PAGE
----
Browse Prior Art Database

Operational Activity Recorder

IP.com Disclosure Number: IPCOM000091769D
Original Publication Date: 1968-May-01
Included in the Prior Art Database: 2005-Mar-05
Document File: 2 page(s) / 44K

Publishing Venue

IBM

Related People

Keefe, DD: AUTHOR [+2]

Abstract

In order to monitor the interface between the customer and a data processing system, it is desirable to record of all machine interruptions whether caused by defects in hardware, software or operational characteristics of the system. Information as to recovery time, frequency of interruptions and corrective measures employed are important in planning future systems. This information is obtained via an operational activity recorder. This provides a magnetic tape record of all entries into and printouts from the console typewriter associated with a system. In addition, it also records selected operation conditions and identifies the time of occurrence of all recordings. Information from typewriter 1 is provided by reed switches 2 mounted in close proximity to control magnets 3 in the typewriter.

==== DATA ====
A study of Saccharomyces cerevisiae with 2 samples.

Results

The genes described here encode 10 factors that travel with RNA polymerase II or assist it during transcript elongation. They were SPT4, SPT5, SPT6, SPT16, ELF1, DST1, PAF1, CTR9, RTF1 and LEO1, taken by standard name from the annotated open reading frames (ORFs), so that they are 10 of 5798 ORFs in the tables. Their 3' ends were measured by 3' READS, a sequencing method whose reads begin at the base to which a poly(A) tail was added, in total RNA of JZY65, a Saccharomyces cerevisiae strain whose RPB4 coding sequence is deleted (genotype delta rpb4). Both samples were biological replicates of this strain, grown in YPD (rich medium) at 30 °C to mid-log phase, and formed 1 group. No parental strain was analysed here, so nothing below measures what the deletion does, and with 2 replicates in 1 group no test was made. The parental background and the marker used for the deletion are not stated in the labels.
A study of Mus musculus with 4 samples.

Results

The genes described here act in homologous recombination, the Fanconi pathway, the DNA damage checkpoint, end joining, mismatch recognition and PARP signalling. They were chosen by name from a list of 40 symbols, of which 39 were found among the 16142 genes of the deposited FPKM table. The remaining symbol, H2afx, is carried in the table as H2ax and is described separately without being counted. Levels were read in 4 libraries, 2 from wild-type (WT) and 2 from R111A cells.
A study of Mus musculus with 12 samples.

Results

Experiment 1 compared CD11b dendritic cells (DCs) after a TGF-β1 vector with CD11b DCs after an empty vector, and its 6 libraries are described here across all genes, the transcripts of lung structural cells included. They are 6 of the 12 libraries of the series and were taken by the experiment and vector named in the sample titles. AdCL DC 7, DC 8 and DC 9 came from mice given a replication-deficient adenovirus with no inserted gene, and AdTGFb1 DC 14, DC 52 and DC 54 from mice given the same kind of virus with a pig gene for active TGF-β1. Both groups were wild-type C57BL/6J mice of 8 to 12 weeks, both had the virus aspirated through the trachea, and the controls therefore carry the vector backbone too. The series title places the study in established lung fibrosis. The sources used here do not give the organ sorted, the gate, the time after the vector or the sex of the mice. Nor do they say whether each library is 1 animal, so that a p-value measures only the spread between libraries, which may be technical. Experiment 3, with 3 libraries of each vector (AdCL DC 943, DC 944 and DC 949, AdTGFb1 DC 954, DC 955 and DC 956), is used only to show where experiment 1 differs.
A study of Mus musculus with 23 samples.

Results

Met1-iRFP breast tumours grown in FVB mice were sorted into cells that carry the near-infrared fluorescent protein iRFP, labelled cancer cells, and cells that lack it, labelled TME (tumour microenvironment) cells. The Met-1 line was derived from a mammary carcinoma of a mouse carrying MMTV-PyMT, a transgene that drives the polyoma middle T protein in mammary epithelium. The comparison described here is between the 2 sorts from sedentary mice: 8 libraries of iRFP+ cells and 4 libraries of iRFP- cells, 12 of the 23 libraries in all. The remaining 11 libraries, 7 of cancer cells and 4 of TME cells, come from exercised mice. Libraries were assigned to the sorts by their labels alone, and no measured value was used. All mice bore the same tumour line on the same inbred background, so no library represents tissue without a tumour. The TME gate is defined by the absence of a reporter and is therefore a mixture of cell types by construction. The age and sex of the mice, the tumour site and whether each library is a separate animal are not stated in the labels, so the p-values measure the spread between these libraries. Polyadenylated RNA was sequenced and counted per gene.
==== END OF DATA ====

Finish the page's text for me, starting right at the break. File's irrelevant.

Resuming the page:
In order to monitor the interface between the customer and a data processing system, it is desirable to record of all machine interruptions whether caused by defects in hardware, software or operational characteristics of the system. Information as to recovery time, frequency of interruptions and corrective measures employed are important in planning future systems. This information is obtained via an operational activity recorder. This provides a magnetic tape record of all entries into and printouts from the console typewriter associated with a system. In addition, it also records selected operation conditions and identifies the time of occurrence of all recordings. Information from typewriter 1 is provided by reed switches 2 mounted in close proximity to control magnets 3 in the typewriter. Energization of magnets 3 closes the contacts of switches 2 providing signals at logic and control unit 4.

This unit includes a plurality of Nand's which convert the applied switch 2 signals to a six-bit BCD code for application to tape recorder 5. Manual entry switches are also provided in unit 4 to enter into recorder 5 data which identifies the customer and related equipment. In addition, a timing device consisting of a trigger ring, driven from a one pulse per second source, is contained within unit 4 to indicate the times at which entries and printouts occur.